CNBC’s Brian Kelly Loves Bitcoin, says it is Going to ‘Amazon’ Banks

Brian Kelly, host of CNBC's Fast Money show, had some highly favorable words to share with his audience about Bitcoin's potential.

The boom that Bitcoin has been experiencing for the last few months has inspired as much awe as ire. Its sky-high valuation might not last forever, but there is one fellow who is bursting at the seams with enthusiasm for Bitcoin.

Brian Kelly—host of CNBC’s Fast Money show and Founder of Brian Kelly Capital Management, LLC—gave Bitcoin a massive positive PR boost yesterday in his presentation for Fast Money.

He said that Bitcoin would do the same to banks as Amazon did to brick-and-mortar retail.

“Bitcoin is going to ‘Amazon’ the banks. So, what do I mean by that? Bitcoin is a way to remove the third party from financial services, just like Amazon does to retail,” Kelly said.

He then made a comparison between Amazon’s direct-to-consumer (DTC) model and Bitcoin’s model of eliminating the need for a centralized payment processing platform, abbreviating it as BTC (which also happens to be Bitcoin’s ticker symbol).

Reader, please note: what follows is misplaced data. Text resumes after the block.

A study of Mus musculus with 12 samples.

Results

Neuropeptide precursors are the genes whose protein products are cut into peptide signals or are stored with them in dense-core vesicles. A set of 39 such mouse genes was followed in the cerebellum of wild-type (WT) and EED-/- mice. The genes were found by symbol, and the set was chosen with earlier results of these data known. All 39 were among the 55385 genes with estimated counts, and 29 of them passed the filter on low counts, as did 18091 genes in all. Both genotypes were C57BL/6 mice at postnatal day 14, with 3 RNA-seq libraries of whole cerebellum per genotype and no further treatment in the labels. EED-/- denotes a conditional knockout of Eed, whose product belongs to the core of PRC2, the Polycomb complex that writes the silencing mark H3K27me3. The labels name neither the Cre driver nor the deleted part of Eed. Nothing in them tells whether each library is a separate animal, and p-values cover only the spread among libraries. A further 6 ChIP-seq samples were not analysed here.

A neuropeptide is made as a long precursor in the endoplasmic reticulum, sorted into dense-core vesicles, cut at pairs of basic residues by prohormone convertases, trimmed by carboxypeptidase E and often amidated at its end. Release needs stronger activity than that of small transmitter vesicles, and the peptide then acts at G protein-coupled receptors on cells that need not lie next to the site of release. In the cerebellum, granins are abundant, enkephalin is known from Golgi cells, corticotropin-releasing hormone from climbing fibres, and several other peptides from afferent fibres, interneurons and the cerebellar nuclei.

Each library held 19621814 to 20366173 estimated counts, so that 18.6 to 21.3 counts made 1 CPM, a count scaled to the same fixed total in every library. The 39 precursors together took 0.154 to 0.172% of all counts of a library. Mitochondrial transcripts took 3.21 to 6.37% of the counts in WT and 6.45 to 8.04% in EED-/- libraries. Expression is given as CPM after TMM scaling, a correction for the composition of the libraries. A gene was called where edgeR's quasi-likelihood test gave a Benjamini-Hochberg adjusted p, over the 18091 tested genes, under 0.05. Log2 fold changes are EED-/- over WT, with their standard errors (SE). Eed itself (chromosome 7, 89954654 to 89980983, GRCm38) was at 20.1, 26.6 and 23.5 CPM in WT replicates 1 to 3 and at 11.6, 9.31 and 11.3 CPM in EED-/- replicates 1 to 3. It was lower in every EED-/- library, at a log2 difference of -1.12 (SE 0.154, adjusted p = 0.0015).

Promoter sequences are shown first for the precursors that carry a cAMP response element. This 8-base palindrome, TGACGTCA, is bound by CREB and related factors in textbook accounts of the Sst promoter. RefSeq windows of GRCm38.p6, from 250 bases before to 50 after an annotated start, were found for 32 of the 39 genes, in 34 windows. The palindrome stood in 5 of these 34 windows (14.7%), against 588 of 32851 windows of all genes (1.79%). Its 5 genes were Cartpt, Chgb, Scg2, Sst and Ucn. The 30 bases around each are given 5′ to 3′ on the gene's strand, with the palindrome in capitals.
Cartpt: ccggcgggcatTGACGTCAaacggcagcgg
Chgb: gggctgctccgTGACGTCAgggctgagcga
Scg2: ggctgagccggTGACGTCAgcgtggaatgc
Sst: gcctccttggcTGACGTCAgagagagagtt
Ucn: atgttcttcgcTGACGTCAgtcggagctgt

Kelly also considers that Bitcoin’s market will skyrocket in comparison to where it is now. He acknowledges that the $100 billion market capital it has right now is puny, but he believes that it can grow to ten times its original size:

“This is a massive, massive addressable market. By Jamie Dimon’s own admission, he moves $7 trillion around the world every day. There’s a lot more than that out there. Bitcoin’s only [at a] $100 million market cap right now. The upside on this is 10x if not more.”

Brian Kelly has shown nothing but the purest optimism for Bitcoin in stating that it will get rid of traditional banking. And, in a way, he is (partially) right.

The Bitcoin revolution has drawn attention to the technology that operates in its background, the blockchain. Some major players in the banking and finance industries have seen the potential in distributed ledger technology and are running with it everywhere they can take it.

Earlier this month, MasterCard opened up its blockchain API to specific banks, so that they can bypass their traditional payment processing methods and execute cross-border transactions more smoothly.

As blockchains gain more traction, it won’t be long before people will be able to make fiat payments with the same level of comfort and convenience as they would when paying for something with a cryptocurrency.

Bitcoin itself might not necessarily eliminate the need for banking, but it has undoubtedly ushered in an era of new technology that could put banks in a more competitive position.